A number of leading banks, which developed BrokerTec as a consortium, will guarantee revenues to the system for a minimum of three years, under a complex agreement that should ensure banks do not pull liquidity from the trading platform.
BrokerTec currencty handles more than $160 million worth of transactions per day, principally US Treasuries and agencies, and European sovereign debt. The Icap deal does not include BrokerTec Futures Exchange or BrokerTec Clearing Company, although these companies are set to license technology from Icap in return for undisclosed fees.
Icap chief executive Michael Spencer – a firm believer in the hybrid world of voice-and-electronic broking – said Icap expects to see an upswing in voice-broking revenues at the company due to its increased access to liquidity in benchmark bonds.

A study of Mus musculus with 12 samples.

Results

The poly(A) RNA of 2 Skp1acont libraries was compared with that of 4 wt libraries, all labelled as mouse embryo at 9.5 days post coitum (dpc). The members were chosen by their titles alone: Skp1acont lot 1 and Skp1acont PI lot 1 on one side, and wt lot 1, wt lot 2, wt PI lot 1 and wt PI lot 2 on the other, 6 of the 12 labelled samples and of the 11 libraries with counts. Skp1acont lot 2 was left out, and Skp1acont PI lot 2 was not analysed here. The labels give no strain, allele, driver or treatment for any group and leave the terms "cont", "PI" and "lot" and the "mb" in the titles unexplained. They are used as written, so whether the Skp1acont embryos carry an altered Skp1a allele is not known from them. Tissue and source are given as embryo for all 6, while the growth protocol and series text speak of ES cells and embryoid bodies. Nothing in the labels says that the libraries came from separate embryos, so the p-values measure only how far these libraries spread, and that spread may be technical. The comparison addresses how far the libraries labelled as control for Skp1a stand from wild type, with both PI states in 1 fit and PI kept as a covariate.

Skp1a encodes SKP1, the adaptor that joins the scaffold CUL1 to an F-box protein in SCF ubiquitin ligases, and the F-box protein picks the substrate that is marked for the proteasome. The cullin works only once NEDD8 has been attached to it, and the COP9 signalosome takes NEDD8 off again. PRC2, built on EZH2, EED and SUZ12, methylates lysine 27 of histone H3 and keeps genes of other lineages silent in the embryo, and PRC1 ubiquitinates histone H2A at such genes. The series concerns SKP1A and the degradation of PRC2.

The BrokerTec businesses Icap is close to acquiring had revenues of £73 million, generating profits of $14.9 million, for the nine months ending September 30 last year.
The Department of Justice launched an antitrust investigation into BrokerTec last year due to fears that the consortium-backed broker was anti-competitive. This is believed to have prompted its bank backers to seek a buyer for the platform.
Icap said the majority of BrokerTec’s shareholders – which include ABN Amro, Banco Santander Central, Barclays Capital, Citigroup Salomon Smith Barney, Credit Suisse First Boston, Deutsche Bank, Dresdner Bank, Goldman Sachs, Lehman Brothers, Merrill Lynch, Morgan Stanley Dean Witter and UBS Warburg – will provide a minimum commitment of $61.3 million in revenues per year for the next three years.
The BrokerTec system was created using technology developed by Swedish company, OM.